Prominent dissident Cu Huy Ha Vu, shown here in a Hanoi court in 2011, has been released and allowed to leave Vietnam, but most journalists do not have his connections. (Reuters/Thong Nhat/Vietnam News Agency)

Dinh Dang Dinh, a former Vietnamese schoolteacher and blogger, died on April 3 from cancer of the stomach. Near death, he had been released from his six-year prison sentence on March 21, and allowed to return home to die in Dak Nong province in Vietnam's Central Highlands. His crime, to which he had pled not guilty, had been to blog about corruption and environmental issues.  He was found guilty under Article 88-1 (c) of the Criminal Code for "conducting propaganda against the Socialist Republic of Vietnam." 

Next week, the Committee to Protect Journalists will be honoring four journalists from around the world at the International Press Freedom Awards, an annual recognition of courageous reporting. As the awardees from Ecuador, Egypt, and Turkey make the journey to attend the awards and benefit dinner at the Waldorf-Astoria in New York City on November 26, one of the awardees will be absent.

There is good news from Strasbourg that follows up on my entry from earlier this week, "European Parliament has chance to take on Vietnam." Today, the European Parliament did exactly that when they unanimously adopted an Urgent Resolution on Vietnam. It was a wide-ranging document, but a large part was devoted the freedom of expression issues that are central to CPJ's concerns. In Article 7, the European Parliament:

On Thursday, April 18, the European Parliament will discuss Vietnam's human rights in a plenary session. At the top of the agenda will be freedom of expression. Over the weekend, CPJ's Brussels-based Senior Adviser Jean-Paul Marthoz blogged about the issues the parliament must confront in Le Soir.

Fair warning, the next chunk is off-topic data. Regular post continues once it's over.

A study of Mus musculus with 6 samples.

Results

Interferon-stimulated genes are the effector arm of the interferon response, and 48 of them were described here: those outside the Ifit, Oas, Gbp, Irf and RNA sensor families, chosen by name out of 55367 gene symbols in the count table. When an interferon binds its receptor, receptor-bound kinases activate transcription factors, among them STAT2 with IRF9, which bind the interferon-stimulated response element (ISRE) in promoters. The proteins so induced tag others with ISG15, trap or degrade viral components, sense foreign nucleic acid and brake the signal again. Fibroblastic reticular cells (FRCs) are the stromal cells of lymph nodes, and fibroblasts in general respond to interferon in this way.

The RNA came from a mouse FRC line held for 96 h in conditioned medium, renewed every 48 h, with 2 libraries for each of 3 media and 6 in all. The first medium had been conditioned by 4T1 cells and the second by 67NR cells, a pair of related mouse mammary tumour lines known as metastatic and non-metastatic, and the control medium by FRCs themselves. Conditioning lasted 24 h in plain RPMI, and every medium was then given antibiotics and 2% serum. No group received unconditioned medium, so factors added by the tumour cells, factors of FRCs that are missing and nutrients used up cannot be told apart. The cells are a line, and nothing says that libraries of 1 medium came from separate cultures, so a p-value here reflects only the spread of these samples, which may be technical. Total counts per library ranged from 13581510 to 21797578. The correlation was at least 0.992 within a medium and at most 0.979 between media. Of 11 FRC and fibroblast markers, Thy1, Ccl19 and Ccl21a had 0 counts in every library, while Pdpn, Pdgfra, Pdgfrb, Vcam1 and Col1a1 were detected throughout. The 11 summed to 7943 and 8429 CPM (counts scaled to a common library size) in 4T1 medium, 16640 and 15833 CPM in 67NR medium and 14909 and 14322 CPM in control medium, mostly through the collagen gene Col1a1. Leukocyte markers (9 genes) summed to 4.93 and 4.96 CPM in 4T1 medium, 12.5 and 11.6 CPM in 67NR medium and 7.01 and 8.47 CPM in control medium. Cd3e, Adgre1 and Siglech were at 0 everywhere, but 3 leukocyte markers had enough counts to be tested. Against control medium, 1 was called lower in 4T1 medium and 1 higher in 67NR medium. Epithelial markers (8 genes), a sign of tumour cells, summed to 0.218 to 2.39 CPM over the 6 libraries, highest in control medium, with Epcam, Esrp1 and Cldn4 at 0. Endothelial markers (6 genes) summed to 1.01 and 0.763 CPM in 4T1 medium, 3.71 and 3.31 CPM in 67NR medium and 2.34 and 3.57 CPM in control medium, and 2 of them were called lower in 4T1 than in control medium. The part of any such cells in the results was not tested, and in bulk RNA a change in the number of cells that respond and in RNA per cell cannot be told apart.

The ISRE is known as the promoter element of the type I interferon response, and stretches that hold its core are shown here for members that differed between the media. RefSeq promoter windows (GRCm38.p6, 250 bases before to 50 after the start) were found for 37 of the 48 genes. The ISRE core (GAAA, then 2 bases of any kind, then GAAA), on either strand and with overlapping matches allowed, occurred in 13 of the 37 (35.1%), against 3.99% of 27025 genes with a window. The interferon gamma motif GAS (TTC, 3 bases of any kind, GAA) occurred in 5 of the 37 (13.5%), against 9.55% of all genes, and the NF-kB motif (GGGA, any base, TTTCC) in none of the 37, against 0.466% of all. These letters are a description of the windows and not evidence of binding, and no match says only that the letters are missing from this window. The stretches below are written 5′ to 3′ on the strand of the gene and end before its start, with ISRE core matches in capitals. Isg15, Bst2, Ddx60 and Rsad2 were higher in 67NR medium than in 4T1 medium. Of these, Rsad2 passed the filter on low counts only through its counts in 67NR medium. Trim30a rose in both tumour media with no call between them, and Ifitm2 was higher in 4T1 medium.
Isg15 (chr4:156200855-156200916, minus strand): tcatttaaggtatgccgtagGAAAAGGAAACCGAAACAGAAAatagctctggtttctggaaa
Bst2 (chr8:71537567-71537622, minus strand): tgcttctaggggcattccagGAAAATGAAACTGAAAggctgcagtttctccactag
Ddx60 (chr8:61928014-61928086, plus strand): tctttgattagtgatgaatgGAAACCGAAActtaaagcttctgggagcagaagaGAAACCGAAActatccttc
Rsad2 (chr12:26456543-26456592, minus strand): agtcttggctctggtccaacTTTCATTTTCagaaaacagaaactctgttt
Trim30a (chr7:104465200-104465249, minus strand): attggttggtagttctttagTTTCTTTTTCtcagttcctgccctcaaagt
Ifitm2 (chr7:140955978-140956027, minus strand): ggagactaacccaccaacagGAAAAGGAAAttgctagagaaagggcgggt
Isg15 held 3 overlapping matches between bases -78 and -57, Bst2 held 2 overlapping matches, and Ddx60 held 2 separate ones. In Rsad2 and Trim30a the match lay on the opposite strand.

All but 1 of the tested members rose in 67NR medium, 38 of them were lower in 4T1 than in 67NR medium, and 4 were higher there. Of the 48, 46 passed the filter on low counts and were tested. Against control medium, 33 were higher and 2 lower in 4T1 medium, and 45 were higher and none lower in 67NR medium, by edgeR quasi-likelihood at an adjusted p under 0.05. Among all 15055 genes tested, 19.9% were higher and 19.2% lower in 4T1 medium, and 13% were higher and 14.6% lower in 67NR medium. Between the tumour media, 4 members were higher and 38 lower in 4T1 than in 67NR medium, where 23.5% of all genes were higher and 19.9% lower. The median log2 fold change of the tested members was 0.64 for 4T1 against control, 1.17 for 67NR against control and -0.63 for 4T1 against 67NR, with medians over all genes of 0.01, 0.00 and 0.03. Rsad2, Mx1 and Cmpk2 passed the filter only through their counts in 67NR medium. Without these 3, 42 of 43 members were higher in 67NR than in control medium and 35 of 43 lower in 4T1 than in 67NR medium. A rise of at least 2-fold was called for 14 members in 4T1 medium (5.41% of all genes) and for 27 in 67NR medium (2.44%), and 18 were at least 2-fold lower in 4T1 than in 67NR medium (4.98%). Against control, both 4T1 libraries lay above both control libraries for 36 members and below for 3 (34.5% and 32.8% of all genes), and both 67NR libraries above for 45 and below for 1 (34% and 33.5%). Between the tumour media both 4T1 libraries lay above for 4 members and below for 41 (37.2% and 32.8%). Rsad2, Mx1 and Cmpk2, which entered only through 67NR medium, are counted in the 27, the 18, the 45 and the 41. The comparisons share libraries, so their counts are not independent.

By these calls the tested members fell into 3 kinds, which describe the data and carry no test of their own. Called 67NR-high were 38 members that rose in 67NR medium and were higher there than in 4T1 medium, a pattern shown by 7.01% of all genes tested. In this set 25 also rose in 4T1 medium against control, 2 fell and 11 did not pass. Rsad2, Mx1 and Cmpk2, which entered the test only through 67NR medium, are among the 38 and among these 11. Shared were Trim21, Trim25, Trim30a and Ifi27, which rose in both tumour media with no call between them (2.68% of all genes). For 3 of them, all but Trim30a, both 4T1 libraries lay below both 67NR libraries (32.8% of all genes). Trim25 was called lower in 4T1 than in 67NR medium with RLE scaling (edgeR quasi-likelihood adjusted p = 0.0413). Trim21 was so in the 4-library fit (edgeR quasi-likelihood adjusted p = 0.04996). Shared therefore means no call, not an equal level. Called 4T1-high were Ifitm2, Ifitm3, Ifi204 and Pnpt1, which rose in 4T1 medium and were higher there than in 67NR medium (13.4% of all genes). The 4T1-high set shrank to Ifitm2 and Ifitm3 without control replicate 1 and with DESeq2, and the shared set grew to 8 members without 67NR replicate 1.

Vietnam's crackdown on independent bloggers hit a new low in recent days with reports of sexual violence perpetrated by state officials against a prominent online reporter.  

Danlambao: We will not be silenced

A screenshot of the home page for Danlambao, a collective blog recently singled out by Vietnam's prime minister as untruthful.

On September 12, Vietnamese Prime Minister Nguyen Tan Dung issued an administrative order--number 7169--accusing us, Danlambao, of "publishing information that is false, fabricated, and untruthful to slander the leadership of the nation, to agitate the people against the Party and the State, to cause doubts and create bad publicity reducing the people's trust in the state leadership." The order directed the Ministry of Public Security and the Ministry of Information Communication and Media to investigate and discipline any groups or individuals who affiliate with Danlambao.

Farmers protest the seizure of their land for industrial projects in Hun Yen province. Two journalists were assaulted by police recently for covering the forced eviction of villagers. (Reuters)

Recent physical assault on two state media reporters in Vietnam underscores the risks of reporting on increasingly sensitive land issues in the communist-ruled country. The attack on the reporters signals a potential extension of the media crackdown that until now has targeted mainly unsanctioned journalists and bloggers.

A major leap forward for freedom of expression in Vietnam has been the rise of blogs. But this development has led to growing conflicts between bloggers, government authorities, and, potentially, multinational Internet service companies.  
Time.com's "China Blog" has a post today titled "A Dark Time for Reporters in China" that outlines some recent cases of harassment and violence against journalists working in the country and quotes our statistics of journalists imprisoned for their work.